Should Technical Authors be allowed to work from home?

With the recent media attention on Yahoo’s announcement that it is banning its staff from “remote” working, we thought it might be useful to look at the case for and against Technical Authors working from home.

The case for allowing remote working

  1. They can do their jobs more productively without interruption from others. When Technical Authors are writing (which is approximately 50% of their time), it can often help their concentration if they can work in a distraction-free environment.
  2. There’s less need for office space and related costs (telephones, desktop computers etc).
  3. Staff may be less stressed. Brad Harrington, executive director of the Boston College Center for Work & Family, claims people who work from home tend to have less stress and are more productive, partly because they don’t invest time and money in commuting, and they can have a better work/life balance.
  4. You may get more flexibility over staff availability. Without the need to commute, staff may be more willing to work out-of-hours.
  5. You have a wider pool of people interested in your vacancies if you can offer some flexibility in working hours and location.

The case against allowing remote working

  1. You’re more likely to build up a company culture if everyone is working in the same space together. This is particularly important for start-up businesses.
  2. It’s easier to network with others. These contacts could boost your careers in the future.
  3. It’s easier to monitor the work staff are carrying out.
  4. It’s can be faster to make decisions (as you can carry out impromptu meetings).
  5. According to Marissa Meyer, face-to-face meetings boost the quality of decisions and business ideas:

“Some of the best decisions and insights come from hallway and cafeteria discussions, meeting new people, and impromptu team meetings.”

Our opinion

Being a Technical Author is one of those roles where remote working can work well. However, it’s best to be able to have both options available – to have people who can come into the office within a short space of time, should there be an emergency. There’s a great deal of value in meeting people face-to-face, and to be part of a company culture (especially within startups), but it can help enormously if you can write in a distraction-free environment.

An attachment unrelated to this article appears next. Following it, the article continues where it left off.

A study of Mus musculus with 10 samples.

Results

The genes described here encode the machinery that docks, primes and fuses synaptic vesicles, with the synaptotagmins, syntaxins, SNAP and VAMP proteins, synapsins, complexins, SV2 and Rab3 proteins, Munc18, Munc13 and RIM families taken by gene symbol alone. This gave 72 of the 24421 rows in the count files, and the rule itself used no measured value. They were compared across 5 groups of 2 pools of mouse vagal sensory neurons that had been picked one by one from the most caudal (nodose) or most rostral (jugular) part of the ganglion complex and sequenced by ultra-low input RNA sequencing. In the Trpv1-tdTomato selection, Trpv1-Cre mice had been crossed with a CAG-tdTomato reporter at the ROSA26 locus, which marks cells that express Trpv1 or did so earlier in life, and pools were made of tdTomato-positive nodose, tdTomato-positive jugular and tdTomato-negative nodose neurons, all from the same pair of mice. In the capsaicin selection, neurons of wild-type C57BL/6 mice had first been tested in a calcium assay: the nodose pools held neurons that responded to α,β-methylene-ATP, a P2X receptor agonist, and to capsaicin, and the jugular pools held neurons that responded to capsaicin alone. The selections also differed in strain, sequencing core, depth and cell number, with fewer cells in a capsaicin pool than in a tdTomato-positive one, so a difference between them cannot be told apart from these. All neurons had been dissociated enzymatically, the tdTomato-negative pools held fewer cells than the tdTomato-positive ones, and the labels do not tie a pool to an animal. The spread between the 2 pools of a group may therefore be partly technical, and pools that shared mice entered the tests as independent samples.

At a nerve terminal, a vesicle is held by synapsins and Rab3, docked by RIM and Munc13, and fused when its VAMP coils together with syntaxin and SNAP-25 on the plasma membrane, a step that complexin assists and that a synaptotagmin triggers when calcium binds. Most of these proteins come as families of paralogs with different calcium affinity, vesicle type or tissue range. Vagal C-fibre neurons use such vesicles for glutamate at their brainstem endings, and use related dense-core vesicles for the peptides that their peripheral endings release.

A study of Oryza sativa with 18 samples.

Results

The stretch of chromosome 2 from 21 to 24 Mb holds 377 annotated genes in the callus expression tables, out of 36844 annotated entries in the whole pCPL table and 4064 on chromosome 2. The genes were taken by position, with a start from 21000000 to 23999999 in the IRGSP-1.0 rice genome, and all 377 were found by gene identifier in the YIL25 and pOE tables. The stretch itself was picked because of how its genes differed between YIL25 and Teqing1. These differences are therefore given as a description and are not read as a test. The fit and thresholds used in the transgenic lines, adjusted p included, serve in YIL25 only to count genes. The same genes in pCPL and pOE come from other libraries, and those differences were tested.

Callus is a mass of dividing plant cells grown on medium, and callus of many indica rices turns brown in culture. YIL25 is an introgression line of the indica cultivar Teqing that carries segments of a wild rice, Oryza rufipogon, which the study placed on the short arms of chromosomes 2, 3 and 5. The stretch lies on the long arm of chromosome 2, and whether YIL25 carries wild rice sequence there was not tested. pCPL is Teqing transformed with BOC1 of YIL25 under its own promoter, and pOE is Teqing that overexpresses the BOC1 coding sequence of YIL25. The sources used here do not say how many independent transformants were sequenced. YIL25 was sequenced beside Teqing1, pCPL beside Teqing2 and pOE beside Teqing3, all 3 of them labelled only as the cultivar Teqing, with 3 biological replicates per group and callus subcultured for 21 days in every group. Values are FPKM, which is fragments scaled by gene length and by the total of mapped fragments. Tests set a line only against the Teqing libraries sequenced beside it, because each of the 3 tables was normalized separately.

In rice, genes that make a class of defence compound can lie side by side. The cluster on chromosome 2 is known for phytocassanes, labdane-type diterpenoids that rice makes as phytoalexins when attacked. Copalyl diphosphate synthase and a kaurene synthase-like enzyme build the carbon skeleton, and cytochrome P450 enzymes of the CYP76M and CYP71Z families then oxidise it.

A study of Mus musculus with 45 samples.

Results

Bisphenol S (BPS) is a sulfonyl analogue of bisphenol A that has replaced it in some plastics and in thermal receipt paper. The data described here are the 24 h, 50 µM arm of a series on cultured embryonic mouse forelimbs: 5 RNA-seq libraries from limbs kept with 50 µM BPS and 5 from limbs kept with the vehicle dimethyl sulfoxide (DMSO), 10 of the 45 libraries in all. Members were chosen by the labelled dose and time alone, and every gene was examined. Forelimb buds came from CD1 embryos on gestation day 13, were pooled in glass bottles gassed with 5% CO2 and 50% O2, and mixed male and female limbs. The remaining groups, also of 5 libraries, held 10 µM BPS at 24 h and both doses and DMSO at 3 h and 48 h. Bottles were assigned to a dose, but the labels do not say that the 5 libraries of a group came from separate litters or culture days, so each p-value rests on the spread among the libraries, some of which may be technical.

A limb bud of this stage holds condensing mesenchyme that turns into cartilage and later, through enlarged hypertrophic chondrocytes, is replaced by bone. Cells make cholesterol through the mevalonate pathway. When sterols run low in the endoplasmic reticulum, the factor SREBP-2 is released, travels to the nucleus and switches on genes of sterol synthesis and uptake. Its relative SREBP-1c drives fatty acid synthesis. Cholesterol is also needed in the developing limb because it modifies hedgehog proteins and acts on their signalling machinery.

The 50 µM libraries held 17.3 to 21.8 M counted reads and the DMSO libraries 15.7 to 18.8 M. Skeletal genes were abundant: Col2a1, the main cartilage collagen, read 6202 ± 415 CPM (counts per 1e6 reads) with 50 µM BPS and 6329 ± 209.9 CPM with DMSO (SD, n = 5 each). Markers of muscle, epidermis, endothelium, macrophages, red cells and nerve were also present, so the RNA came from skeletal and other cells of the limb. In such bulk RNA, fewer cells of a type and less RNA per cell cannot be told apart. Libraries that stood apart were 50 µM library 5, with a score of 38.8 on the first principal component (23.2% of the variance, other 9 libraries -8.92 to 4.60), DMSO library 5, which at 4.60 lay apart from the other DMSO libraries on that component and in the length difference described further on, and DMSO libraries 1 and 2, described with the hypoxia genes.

If you do work from home, you need to have a productive working environment, and be able to be self-disciplined.

What’s your opinion?

You can use the comment box below.

See also: Cherryleaf recruiting services


Mark Tamblyn

Interesting post. On balance I prefer office rather than home-based working. In the office environment I pick up on the company buzz and interaction with colleagues, directly or indirectly related to my own activities.
Remote working has a valuable place – where I have a challenging task that needs 100% attention without the distraction of day-to-day requests and interruptions.
My own impression is that companies are looking to keep people like Technical Authors close to them and preferably in-house so they can react to requests at short notice.

Veronique Vial

As a technical writer, I work from home one day a week and also when there are transport problems (which tends to happen a lot in Paris). I find it useful and productive to be able to have some work time away from the hustle and bustle of the office, however I would not want to work from home all the time. I need interaction with my colleagues and I can only get some answers when I am talking to them face-to-face. So for me, the best solution is to be able to do both. Fortunately my company understands that it is more efficient to let me work from home from time to time rather than to be forced to take a day off because I can’t come into the office.


Not quite – It’s a photo of a girl selling shells from an “office” she’d set up on the beach at Mudeford Sands.

Mark Allen

I would like to have the option of working away from the office a few times a month. Some weeks may require that I be in the office all week, but working from home, or in a cafe, or wherever, can really break the routine and help people see issues from different angles.

Perhaps due to the sector they work in (working with geeky gadgets, often sitting with the R and D team), we are not viewed as such, but, amongst other things, Technical Communicators are creative workers.

Tomas Chamorro-Premuzic, on the Harvard Business Review blog

“Creativity is usually enhanced by giving people more freedom and flexibility at work.”
However, I’m not sure most of us would like his point 5 (“Pay them poorly”).

Carrie Cousins has some ideas about managing creative people on the Design Shack website.

In Section 3, about the workspace, she makes this recommendation:
“Be flexible with work schedules if possible. Maybe some of your workers would benefit from a schedule that does not fit in the 9-to-5 mold. Try to accommodate shift variances for people to optimize their skills.”

Of course not every company can offer Google-esque trendy working conditions, but a little bit of flexibility and control over your working schedule can be an enormous help in terms of productivity, work-life balance and continued enjoyment of work.


It can be a split. A few days of work from home coupled with a few days at office. The biggest disadvantage of a writer is the constant chatter in the office. Writing requires a peaceful atmosphere.